Friday, April 24, 2009


With Earth Day still lingering in the air, I found myself contemplating and reflecting on the intersection between ecological responsibility and faith. Below are a few of my thoughts and questions:

1) Story-telling: how can communities of faith weave individual and group stories into the larger, cosmic story? Might we thereby see our personal relationship with God as bound up with our relationship with the world around us? Further, can we begin to re-theologize the self in light of our physical dependence on and bodily composition of ecological sources (ecology of human dignity)?

2) Bridging duality: can we move beyond the spirit-matter and humanity-nature dichotomies towards a more holistic view of dynamic oneness?

3) New dimensions: rather than reinvent the theological wheel in the sterile classrooms of the academy, faith leaders should emphasize the ecological dimension of existing ministries, liturgy, scripture, etc.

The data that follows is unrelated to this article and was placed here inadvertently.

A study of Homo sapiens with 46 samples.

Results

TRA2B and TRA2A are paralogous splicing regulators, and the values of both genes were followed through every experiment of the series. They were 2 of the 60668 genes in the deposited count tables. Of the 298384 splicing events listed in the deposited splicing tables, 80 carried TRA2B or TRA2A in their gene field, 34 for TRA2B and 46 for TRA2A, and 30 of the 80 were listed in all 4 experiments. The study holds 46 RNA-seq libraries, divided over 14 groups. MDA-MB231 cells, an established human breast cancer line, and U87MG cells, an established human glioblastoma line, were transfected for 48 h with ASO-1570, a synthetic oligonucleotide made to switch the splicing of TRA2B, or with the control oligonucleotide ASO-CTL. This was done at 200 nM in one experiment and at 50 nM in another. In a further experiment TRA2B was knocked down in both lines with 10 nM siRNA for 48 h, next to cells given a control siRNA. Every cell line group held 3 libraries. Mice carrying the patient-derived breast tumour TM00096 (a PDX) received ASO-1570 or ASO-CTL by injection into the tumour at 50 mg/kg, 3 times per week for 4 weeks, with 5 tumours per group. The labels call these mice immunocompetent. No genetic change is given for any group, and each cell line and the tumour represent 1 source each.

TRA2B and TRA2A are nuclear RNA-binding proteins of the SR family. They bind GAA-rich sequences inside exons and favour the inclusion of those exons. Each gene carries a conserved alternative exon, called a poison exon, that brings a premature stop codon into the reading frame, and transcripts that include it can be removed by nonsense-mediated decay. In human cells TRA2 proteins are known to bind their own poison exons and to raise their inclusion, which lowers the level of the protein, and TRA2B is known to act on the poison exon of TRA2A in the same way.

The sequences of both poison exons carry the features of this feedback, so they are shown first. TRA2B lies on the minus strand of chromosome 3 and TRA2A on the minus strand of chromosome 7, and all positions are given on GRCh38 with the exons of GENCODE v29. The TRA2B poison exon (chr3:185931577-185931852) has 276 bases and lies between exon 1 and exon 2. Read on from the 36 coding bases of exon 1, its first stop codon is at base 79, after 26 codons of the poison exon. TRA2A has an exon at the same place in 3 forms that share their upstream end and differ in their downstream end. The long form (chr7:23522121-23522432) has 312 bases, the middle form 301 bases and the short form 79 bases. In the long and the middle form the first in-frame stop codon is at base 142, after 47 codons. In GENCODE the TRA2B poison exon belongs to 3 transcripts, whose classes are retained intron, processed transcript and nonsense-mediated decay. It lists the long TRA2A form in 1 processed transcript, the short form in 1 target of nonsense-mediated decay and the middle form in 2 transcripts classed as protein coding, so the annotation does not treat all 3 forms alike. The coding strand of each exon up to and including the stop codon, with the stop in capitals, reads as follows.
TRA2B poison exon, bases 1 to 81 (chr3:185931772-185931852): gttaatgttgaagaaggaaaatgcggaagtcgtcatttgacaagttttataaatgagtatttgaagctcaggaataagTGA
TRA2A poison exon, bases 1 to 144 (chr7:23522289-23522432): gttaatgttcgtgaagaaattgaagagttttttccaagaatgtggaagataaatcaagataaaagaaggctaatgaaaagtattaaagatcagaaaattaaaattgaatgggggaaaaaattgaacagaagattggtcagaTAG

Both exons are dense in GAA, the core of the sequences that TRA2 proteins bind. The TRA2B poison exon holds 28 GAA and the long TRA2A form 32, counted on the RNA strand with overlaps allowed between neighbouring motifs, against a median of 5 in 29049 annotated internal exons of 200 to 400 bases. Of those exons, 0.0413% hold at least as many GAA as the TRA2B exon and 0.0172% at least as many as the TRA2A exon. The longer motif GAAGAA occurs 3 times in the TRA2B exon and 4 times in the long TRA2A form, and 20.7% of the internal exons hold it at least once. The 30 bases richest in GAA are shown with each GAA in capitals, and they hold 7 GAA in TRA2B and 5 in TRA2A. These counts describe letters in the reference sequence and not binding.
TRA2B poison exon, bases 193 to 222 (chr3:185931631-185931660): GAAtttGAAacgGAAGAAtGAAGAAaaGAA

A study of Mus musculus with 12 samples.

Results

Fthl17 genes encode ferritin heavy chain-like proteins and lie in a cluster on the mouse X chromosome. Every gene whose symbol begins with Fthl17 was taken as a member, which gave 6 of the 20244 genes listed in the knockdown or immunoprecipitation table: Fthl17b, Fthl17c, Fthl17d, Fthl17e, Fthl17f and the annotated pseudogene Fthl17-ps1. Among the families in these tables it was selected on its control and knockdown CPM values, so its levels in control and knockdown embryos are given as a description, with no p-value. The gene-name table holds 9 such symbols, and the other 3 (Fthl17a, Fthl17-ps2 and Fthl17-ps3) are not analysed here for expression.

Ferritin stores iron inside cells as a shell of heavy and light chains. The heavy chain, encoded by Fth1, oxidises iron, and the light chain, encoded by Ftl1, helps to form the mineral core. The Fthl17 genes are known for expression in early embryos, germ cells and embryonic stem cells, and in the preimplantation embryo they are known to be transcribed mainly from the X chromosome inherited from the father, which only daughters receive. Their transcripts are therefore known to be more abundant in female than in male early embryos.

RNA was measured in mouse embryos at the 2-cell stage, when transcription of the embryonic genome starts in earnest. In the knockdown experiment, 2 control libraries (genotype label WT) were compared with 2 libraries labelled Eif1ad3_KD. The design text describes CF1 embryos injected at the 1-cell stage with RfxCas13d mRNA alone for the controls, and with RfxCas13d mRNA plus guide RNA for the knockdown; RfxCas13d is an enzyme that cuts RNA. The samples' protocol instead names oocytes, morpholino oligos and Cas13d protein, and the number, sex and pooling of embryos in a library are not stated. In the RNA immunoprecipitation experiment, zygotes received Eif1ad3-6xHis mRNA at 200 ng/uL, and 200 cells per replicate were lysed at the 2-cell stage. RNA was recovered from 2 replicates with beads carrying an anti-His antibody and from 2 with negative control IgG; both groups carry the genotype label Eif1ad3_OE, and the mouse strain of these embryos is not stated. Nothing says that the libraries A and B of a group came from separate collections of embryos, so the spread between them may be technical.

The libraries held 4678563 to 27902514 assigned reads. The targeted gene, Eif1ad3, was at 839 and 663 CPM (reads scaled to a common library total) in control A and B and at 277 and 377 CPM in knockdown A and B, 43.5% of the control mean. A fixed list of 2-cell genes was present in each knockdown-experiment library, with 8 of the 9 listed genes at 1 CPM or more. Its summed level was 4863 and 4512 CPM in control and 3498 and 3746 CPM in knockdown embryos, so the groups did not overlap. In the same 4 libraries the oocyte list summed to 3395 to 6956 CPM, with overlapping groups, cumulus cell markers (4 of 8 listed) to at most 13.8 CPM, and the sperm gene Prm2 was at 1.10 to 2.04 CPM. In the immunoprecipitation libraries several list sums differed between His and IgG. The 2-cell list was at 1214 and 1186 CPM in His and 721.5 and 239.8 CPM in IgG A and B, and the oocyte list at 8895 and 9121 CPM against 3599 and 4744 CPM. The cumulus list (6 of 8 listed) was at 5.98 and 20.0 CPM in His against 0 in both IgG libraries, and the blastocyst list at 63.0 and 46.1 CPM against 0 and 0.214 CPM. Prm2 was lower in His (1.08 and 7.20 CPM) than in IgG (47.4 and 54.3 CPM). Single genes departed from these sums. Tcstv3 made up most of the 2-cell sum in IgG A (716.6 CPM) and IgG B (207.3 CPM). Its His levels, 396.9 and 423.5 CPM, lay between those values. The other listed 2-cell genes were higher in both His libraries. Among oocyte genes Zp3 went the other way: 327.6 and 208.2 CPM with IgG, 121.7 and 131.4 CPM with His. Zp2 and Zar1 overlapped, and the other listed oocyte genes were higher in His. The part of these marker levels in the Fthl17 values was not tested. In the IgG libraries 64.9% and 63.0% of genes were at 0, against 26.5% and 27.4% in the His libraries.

4) Interconnection: will we take seriously the seventh Unitarian Universalist principle and recognize our own complicity in the environmental concerns of others? Will those in the upper socio-economic brackets come to acknowledge their implication in the lives of those who primarily carry the burden of ecological irresponsibility?

5) Management: how odd that humanity is now in the position of managing its own climate-related sins! Is the call to stewardship one of management and mitigation? What vocabulary do we use to express the dual reality of God's gift and human responsibility?

6) Beyond the anthropocentric: a select few have the resources and privilege to approach nature on their own terms (e.g. 'I will go immerse myself in nature by camping, fishing, etc.'). How do we give voice to those people whose interaction with nature is out of their control (e.g. hurricanes, pollution, etc.)? What happens when we move from ideas of natural bounty to questions of theodicy?